Argos

12.09.2014 | projects
Some of Argos' onboarding screens.
Some of Argos' onboarding screens.

Almost four years ago I got it in my head that it would be fun to try to build a way to automatically detect breaking news. I thought of creating a predictive algorithm based on deviations of word usage across the internet - if usage of the word "pizza" suddenly deviated from its historical mean, something was going on with pizza! Looking back, it was a really silly idea, but it got me interested in working programmatically with natural language and eventually (somehow) morphed into Argos, the news automation service I started working on a little over a year ago. Since I recently got Argos to a fairly-well functioning tech demo stage, this seems like a good spot to reflect on what's been done so far.

The fundamental technical goal for Argos is to automatically apply structure to a chaotic news environment, to make news easier for computers to process and for people to understand.

When news pundits talk about the changing nature of news in the digital age, they often try to pinpoint the "atomic unit" of news. Stretching this analogy a bit far, Argos tries to break news into its "subatomic particles" and let others assemble them into whatever kind of atom they want. Argos can function as a service providing smaller pieces of news to readers, but also as a platform that other developers can build on.

The long-term vision for Argos is to contribute to what I believe is journalism's best function - to provide a simulacrum of the world beyond our individual experience. There are a lot of things standing in the way of that goal. This initial version of Argos focuses on the two biggest obstacles: information overload and complex stories that span long time periods.

At this point in development, Argos watches new sources for new articles and automatically groups them into events. It's then able to take these events and build stories out of them, presented as timelines. As an example, the grand jury announcing their verdict for Darren Wilson would be one event. Another event would be Darren Wilson's resignation, and another would be the protests which followed the grand jury verdict in Ferguson and across the country. Multiple publications reported on each of these events. A lot of that reporting might be redundant, so by collapsing these articles into one unity, Argos eliminates some noise and redundancy.

Argos picked these events out of a few weeks worth of news stories and automatically compiled an event summary. These screenshots are from the Argos Android test app.
Argos picked these events out of a few weeks worth of news stories and automatically compiled an event summary. These screenshots are from the Argos Android test app.

These events would all be grouped into the same story. The ongoing protests around Eric Garner's murder would also be an event but would not necessarily be part of the same story, even though the two are related thematically.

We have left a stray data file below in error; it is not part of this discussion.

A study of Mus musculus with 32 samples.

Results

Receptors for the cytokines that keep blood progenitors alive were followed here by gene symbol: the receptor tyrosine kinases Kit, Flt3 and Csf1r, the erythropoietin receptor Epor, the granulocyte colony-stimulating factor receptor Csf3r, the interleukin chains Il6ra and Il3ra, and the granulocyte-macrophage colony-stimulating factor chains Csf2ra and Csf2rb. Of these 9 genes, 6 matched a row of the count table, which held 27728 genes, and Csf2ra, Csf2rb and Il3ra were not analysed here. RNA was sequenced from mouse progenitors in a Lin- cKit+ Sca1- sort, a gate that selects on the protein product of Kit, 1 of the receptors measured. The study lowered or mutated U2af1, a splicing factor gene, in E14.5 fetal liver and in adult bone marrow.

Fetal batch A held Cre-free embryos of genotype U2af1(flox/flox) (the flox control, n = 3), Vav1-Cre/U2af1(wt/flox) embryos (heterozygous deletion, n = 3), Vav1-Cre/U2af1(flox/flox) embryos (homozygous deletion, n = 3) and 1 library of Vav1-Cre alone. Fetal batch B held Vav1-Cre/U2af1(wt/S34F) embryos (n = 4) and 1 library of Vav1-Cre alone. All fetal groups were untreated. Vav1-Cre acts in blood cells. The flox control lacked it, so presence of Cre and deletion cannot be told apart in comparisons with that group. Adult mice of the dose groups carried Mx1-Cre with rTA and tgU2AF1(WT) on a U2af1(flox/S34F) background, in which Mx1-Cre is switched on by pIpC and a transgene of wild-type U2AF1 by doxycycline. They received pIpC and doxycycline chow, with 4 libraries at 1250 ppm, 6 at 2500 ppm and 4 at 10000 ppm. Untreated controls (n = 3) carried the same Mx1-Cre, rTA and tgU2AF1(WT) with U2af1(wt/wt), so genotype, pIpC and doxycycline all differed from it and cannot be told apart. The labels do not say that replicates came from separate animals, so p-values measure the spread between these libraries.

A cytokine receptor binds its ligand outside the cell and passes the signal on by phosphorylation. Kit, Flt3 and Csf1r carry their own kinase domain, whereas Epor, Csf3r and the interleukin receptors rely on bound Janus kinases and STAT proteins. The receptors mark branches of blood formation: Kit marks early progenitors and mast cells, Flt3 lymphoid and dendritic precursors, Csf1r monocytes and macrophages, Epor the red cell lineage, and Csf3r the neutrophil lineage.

A five-point summary is generated for each event, cited from that event's source articles. Thus the timeline for a story functions as an automatically generated brief on everything that's happened up until the latest event. The main use case here is long-burning stories like Ferguson or the Ukraine conflict which often are difficult to follow if you haven't been following the story from the start.

Argos can also see what people, places, organizations, and other key terms are being discussed in an event, and instantaneously provide information about these terms to quickly inform or remind readers.

Argos detects concepts discussed in an event and can supplement some information, sourced from Wikipedia.
Argos detects concepts discussed in an event and can supplement some information, sourced from Wikipedia.

Finally, Argos calculates a "social (media) importance" score for each event to try and estimate what topics are trending. This is mainly to support a "day-in-brief" function (or "week-in-brief", etc), i.e. the top n most "important" (assuming talked about == important) events of today. Later it would be great to integrate discussions and other social signals happening around an event.

I've been testing Argos mainly with world and political news (under the assumption that those would be easier to work with for technical reasons). So far that has been working well, so I recently started trying some different news domains, though it's too early to say how that's working out.

The API is not yet public and I'm not sure when it will be officially released. At the moment can't devote a whole lot of time to the project (if you're interested in becoming involved, get in touch.
Argos does have an unreleased Android app (and an older version for iOS) which at this point is mainly just a tech demo for small-scale testing. Frankly, I don't know if Argos will work best as a consumer product or some intermediary technology powering some other consumer service.

(Later I'll write a post detailing the development of Argos up until now.)